Press Release

Atlanta Technical College has made the switch from quarters to semesters

Atlanta Technical College (ATC) has made the switch!   On Tuesday, August 23, ATC began its first fall semester.  In 2010 the college announced that it would be changing from the quarter system to the semester calendar.  Administrators spent a full year, guiding students through the conversion process, adapting curricula and realigning business processes. All of the preparation proved successful as more than 4,700 students transitioned into the semester system with little difficulty.

“This is a significant step forward for the Technical College System of Georgia,” explains Atlanta Technical College President Alvetta Peterman Thomas.  “For students and faculty it means extended time for more in depth academic, lab, and experiential learning opportunities.  Our careful planning, support for learners, and strong academic advisement has facilitated the smooth conversion from quarters to semesters.”  

Moving to the semester system will align Atlanta Tech’s academic calendar with those of the state’s K-12 school systems, the University System of Georgia and most of the state’s private colleges and universities. Eighty (80) percent of public and private colleges and universities in the U.S. follow a semester calendar.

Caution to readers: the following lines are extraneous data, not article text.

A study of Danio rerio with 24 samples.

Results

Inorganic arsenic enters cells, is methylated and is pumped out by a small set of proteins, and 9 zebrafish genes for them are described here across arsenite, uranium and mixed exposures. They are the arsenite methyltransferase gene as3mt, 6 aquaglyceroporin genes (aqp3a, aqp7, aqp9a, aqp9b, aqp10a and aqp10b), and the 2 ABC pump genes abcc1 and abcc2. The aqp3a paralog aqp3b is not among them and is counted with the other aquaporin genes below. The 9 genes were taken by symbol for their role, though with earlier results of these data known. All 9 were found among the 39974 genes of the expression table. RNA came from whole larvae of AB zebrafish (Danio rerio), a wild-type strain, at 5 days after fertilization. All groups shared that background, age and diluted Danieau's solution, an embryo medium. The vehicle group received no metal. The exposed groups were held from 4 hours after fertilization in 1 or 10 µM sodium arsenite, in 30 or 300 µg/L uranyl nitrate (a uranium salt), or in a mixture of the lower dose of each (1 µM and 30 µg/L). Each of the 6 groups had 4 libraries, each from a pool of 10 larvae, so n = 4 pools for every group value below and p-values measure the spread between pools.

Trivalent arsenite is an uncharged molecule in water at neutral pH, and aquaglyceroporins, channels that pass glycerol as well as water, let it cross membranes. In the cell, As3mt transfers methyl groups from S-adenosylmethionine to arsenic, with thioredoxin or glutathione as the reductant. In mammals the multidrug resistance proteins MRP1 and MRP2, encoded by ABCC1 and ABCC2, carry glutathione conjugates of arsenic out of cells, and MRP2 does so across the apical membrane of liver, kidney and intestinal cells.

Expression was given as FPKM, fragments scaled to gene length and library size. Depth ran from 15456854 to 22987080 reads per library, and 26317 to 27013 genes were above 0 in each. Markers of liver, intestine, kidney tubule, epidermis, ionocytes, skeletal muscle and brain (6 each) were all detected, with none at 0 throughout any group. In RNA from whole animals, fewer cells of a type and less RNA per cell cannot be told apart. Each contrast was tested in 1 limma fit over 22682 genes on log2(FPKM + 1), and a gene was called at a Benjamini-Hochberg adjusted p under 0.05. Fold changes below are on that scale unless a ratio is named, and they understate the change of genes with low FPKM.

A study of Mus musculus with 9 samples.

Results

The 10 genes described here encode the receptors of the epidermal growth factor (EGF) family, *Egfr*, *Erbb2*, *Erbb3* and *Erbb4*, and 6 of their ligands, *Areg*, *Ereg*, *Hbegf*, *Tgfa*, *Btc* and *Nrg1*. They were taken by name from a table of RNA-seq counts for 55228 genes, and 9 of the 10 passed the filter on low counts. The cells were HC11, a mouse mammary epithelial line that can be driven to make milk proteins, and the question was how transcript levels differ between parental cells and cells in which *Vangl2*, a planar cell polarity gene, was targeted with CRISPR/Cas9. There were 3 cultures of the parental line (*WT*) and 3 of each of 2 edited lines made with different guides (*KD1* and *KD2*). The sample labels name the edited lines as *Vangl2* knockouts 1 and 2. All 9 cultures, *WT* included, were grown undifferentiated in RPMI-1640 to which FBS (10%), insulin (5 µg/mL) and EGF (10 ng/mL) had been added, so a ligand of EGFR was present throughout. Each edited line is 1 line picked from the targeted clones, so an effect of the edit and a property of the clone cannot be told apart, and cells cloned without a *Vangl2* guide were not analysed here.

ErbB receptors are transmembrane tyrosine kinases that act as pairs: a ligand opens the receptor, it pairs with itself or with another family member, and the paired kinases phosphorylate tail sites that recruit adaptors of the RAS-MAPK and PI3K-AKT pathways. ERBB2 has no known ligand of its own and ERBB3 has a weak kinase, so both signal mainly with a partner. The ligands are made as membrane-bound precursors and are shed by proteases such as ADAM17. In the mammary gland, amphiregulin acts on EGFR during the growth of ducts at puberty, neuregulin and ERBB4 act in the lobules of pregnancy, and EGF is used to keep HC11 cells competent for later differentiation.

“The change to a semester academic calendar is in the very best interests of our students,” says Technical College System of Georgia Commissioner Ron Jackson. “We’re a world-class educational system for workforce development, and a major part of our mission is to provide seamless education where calendars and curriculum align and lifelong learning is easily attainable for students of all ages and circumstances.”

Semester scheduling offers technical college students many benefits, Jackson says, including additional instructional time, more in-depth coverage of course content and ease of transfer to other institutions, as well as calendar alignment that better supports dual and joint enrollment opportunities for high school students.